Ballers: Episode 8 Recap

When you put out one fire, another one pops up. Sunday’s episode of Ballers was mix of resolutions and new beginnings. The Rock’s character Spencer Strasmore was not only cleared of any CTE worry (for the time being), but he was also able to take care of Vernon Littlefield’s photography problem. All in a day’s work. (There’s no shame in a grown man rolling down the windows and blasting Taylor Swift’s “Shake It Off.”) However, despite Spencer’s recent success in reeling in clients, he’s suddenly finding himself in hot water at work.

After seeing cell phone video footage of the “corporate event” party, Mr. Anderson, president of the money management company Anderson Financial, makes it clear that he’s had enough of the “niche market” of professional athletes. The potential money from superstar athletes isn’t worth the drama. Anderson threatens to fire both Spencer and Joe, Rob Corddry’s character.

At one point in their heated meeting, Anderson proclaims that he doesn’t want the hard-partying antics of pro athletes to scare away his “institutional clients.” I don’t think Spencer really understood what he meant. Inside the world of professional athletics, it is hard to realize that there is life outside of football. It’s impossible to imagine that even though you’re making a bunch of money at football, there are non-athlete professionals who are making just as much as you are and have been doing it for 20-plus years. Outside of our sports bubble, there is more money than we could possibly know. That’s why you see athletes with nice cars and homes, but you very rarely see an athlete who owns a sports team (looking at you, MJ).

Every year we hear about these super contracts with all this money guaranteed. These athletes think they are set for life, yet time and again we still hear statistics of how a majority of retired NFL athletes are broke in a few years. The problem’s pretty obvious: guys are spending too damn much. I know it’s a fictional television show, but Ricky Jerret will be broke three years after he retires. I’ve seen it first hand and his character fits the mold. While this is fiction, it’s dead-on accurate in portraying the lifestyle of some of these characters.

Time is money. You’ve heard that expression. As a financial manager now, the number one lesson I try to teach is a variation on that saying. When talking to a potential athlete client, the thing I try to get across is that their working years are shorter than anyone else’s. It’s a small window. They’re making a large amount of income for a fixed amount of time. They aren’t like a doctor who makes pennies out of residency, but then makes $300,000 (or more) for the next 35 years, with good job security. Professional athletes have, at best, a 10-year window to make as much money as they can before they retire. Then they might have 50 years of their life ahead of them. I stress this point to the younger guys the most.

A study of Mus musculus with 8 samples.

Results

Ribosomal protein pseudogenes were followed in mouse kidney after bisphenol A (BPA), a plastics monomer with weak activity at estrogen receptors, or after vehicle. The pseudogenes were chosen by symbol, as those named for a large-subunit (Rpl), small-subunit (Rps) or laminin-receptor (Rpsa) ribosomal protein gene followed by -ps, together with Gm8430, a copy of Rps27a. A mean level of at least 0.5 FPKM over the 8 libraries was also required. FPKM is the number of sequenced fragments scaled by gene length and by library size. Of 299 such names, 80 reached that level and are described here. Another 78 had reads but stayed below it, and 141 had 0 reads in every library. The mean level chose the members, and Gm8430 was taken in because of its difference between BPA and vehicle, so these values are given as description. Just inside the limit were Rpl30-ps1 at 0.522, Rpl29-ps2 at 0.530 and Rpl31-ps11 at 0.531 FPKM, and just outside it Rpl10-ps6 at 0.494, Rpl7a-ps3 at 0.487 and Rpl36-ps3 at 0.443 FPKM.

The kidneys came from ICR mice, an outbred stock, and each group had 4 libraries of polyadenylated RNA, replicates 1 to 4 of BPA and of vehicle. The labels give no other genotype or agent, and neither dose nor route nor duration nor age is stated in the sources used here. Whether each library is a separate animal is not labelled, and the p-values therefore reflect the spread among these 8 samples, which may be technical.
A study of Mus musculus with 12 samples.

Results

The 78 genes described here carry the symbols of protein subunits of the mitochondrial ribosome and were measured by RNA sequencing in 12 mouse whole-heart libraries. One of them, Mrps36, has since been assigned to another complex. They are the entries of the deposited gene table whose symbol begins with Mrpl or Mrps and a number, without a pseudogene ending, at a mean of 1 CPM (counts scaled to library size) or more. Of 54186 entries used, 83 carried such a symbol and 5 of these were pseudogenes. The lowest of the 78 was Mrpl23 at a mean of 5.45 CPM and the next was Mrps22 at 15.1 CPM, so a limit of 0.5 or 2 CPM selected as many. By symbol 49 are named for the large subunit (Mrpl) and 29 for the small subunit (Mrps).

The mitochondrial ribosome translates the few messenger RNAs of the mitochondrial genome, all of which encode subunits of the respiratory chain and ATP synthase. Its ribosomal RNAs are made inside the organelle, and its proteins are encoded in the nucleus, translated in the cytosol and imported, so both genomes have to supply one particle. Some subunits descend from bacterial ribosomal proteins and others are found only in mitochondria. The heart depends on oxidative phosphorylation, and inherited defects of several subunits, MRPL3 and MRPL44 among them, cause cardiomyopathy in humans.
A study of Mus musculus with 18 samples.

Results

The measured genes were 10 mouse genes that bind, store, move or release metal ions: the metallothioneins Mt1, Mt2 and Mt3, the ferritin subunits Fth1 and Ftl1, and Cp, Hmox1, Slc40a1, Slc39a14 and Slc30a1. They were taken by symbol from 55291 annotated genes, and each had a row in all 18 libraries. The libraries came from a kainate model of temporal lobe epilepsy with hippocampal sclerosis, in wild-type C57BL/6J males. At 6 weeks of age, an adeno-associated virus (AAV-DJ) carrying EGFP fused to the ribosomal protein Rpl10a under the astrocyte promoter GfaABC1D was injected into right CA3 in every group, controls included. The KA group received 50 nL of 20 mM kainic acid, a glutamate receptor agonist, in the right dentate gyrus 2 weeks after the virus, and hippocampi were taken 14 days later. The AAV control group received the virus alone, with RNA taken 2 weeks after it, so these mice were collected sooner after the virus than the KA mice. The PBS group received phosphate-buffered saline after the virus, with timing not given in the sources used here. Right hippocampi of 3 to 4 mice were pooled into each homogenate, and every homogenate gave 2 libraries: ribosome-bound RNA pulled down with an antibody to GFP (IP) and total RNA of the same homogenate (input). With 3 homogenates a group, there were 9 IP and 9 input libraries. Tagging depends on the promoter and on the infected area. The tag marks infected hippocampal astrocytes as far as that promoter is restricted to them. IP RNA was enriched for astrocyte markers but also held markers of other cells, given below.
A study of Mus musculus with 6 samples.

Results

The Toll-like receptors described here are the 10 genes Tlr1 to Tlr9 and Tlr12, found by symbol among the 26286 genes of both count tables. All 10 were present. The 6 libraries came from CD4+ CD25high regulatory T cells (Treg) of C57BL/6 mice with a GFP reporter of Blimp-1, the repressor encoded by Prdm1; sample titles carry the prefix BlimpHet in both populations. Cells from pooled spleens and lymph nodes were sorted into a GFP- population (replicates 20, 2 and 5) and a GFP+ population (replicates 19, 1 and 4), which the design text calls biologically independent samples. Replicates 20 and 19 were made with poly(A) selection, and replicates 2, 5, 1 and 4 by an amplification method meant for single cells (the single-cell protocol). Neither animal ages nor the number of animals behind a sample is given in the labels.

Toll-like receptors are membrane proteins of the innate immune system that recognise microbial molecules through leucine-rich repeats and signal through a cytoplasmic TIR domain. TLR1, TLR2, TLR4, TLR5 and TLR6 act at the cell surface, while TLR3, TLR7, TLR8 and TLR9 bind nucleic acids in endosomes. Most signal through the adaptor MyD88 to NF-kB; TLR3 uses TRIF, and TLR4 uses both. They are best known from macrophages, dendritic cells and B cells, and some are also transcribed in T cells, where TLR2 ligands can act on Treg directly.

The average NFL career lasts three years. Life is a lot longer than that. If you’re making $500,000 a year (before taxes) and spending $250,000 year, how in the hell do you plan to make that money last? You work your ass off in high school and college to get the opportunity to play in the NFL, and then you piss the opportunity away by getting caught up in the “lifestyle.”

This window of opportunity should be the selling point for a money manager like Spencer Strasmore. If his only clients are going to be professional athletes, then he needs to find a better business model than throwing extravagant parties that promote the lifestyle. What good is being a financial advisor to professional athletes if all your clients run out of money? For all the good Spencer does for his guys, the number one thing he should be emphasizing is a more grounded lifestyle. Buy the Audi instead of the Ferrari. Buy the three-bedroom house instead of the six-bedroom house. It’s very basic, but for whatever reason it continues to plague our league. I would say you can’t blame these young guys — and it’s true that many people take advantage of athletes — but by this point, there’s too much information out there.

Of course, there are examples of guys who are doing the right things. I’ve read that Gronk only lives off his endorsement money. Meaning that every game check goes straight to savings or investments. That’s a great strategy, but he is one of the few lucky enough to have endorsements that can pay for his lifestyle while also putting money away for his post-football future. Most guys have to make a few years of their salary last a lifetime.

While Ballers portrays the NFL lifestyle in all its glamor, I hope the show continues to portray the consequences, too. Early on, we glimpsed Vernon’s battles with his family over money and control, but now we’re caught up in a photo scandal that doesn’t have nearly the same consequences. If Ballers is going to keep it real, it must show the lifestyle’s negative consequences as much as it shows the Lamborghinis and parties. Moving forward, I would like to see Spencer Strasmore better identify the root cause of his clients’ problems. If he doesn’t, I don’t see how he can be a financial advisor for very long.

Tyler Horn is a former NFL player turned financial advisor. Click here for the  and  and  and  and  and  and  recaps.